Most people are already familiar with the term colostomy, and some have even heard of its urinary-based counterpart, the urostomy. However, not many have heard of ileostomies before. While they are similar to colostomies, they differ in one significant way, which we’ll cover in this short guide to what ileostomies are and what you should know about them.
What Is an Ileostomy?
Most medical conditions that call for a colostomy surgery tend to originate in the colon. This procedure allows your waste to exit the body through a stoma in the large intestine before it reaches the damaged tissue. However, some issues can either extend into the large intestine or even originate there. That’s when an ileostomy becomes necessary.
This procedure involves the creation of a stoma in the small intestine, giving your waste a way out of the body that completely avoids the large intestine. Fortunately, many ileostomies are temporary and will only last for three to six months. However, they can be permanent if the damage is irreversible.
On the outside, though, all ostomies look relatively the same. Ileostomies are usually on the right side of the body and are positioned a bit higher than colostomies. Ileostomies are also a bit smaller, so you’ll need to find an ostomy supplies company that carries pouches specifically for this type of stoma.
How Do You Care for an Ileostomy?
Speaking of ostomy products, you’ll need to take special care of your ileostomy to ensure it remains in good condition. This involves washing it with water regularly and changing your pouch often to avoid skin irritation. On occasion, it’s a good idea to use incontinence-based creams and ointments to keep the skin around the stoma rejuvenated. As long as you use a gentle touch, you shouldn’t encounter any significant issues when caring for your ileostomy.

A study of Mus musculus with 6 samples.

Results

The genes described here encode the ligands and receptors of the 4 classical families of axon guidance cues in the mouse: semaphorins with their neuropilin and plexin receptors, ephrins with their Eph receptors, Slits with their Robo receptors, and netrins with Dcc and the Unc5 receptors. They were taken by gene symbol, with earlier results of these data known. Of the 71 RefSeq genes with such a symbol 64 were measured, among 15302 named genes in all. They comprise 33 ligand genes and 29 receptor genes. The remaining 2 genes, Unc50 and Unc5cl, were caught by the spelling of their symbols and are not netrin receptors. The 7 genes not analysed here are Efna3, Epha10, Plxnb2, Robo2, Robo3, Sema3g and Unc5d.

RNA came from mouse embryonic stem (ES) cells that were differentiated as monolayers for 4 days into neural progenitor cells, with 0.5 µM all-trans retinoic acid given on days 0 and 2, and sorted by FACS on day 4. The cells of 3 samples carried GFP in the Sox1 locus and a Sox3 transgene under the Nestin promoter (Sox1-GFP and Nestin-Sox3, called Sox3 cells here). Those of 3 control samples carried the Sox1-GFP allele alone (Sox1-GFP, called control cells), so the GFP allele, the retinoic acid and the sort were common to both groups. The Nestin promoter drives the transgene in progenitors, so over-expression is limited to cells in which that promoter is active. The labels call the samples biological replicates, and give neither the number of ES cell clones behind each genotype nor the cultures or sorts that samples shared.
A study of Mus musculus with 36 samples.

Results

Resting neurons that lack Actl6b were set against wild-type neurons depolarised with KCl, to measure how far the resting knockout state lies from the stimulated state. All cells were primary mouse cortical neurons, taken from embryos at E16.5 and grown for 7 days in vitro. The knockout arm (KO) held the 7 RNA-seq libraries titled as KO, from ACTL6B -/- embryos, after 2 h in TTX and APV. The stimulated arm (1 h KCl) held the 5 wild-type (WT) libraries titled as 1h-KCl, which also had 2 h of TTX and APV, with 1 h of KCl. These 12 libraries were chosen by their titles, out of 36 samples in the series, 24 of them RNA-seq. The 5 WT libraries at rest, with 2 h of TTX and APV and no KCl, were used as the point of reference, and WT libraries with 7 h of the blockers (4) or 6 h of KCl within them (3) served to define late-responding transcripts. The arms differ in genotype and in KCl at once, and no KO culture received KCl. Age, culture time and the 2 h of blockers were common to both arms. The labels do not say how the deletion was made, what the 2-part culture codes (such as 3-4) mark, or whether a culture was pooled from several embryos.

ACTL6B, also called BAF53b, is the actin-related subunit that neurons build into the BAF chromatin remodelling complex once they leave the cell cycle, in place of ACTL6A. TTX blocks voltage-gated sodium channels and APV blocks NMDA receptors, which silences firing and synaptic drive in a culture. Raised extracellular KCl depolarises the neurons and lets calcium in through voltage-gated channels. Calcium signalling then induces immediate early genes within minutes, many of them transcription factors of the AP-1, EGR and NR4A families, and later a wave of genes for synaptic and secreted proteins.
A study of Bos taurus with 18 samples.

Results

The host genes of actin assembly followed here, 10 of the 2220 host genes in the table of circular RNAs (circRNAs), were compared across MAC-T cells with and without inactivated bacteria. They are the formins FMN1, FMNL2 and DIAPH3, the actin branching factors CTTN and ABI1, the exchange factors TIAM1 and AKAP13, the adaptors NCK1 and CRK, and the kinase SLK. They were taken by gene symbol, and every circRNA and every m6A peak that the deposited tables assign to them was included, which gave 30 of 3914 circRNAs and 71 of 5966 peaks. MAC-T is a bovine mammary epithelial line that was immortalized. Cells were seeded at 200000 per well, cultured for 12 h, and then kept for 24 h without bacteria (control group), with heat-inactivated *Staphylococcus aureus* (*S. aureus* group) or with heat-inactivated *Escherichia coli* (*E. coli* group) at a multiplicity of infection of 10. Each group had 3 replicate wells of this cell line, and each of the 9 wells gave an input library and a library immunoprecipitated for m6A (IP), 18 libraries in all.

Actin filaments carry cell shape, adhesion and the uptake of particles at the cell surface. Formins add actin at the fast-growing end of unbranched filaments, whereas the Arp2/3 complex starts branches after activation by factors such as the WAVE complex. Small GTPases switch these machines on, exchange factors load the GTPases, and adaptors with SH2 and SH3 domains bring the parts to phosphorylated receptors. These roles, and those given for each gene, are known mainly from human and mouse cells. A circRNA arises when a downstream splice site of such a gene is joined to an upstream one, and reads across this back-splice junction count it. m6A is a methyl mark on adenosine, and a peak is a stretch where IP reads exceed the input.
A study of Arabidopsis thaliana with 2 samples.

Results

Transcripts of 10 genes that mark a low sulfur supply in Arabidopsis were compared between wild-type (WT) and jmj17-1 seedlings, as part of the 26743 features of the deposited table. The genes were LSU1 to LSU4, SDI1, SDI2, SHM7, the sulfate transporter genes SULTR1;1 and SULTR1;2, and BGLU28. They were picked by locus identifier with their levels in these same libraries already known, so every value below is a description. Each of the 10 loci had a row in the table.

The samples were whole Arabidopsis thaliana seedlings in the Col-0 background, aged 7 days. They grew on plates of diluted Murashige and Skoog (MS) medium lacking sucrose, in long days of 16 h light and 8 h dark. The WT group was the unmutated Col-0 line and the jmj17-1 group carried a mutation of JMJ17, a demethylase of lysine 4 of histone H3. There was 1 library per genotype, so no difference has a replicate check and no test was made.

What Lifestyle Changes Are Necessary?
Now that you have a better understanding of what an ileostomy is, there’s one final thing you should know about it—it will come with some lifestyle changes. For instance, for a few weeks after the surgery, you’ll need to be careful about your physical activity. Lots of bodily stress could injure your new stoma. You’ll also need to be careful of what you eat since some food might irritate it.
Fortunately, you will reach a point where you’ll be able to return to most of your regular physical activities. While this will apply to your diet as well when dealing with an ileostomy, you’ll need to keep a couple of things in mind.
The main thing to be aware of is that you’ll need to avoid foods such as nuts, seeds, and some vegetables. Your food will have less time to digest since your large intestine won’t be helping anymore. That means you’ll need to skip foods that normally don’t digest well. Other than that, you should be able to continue your life as normal.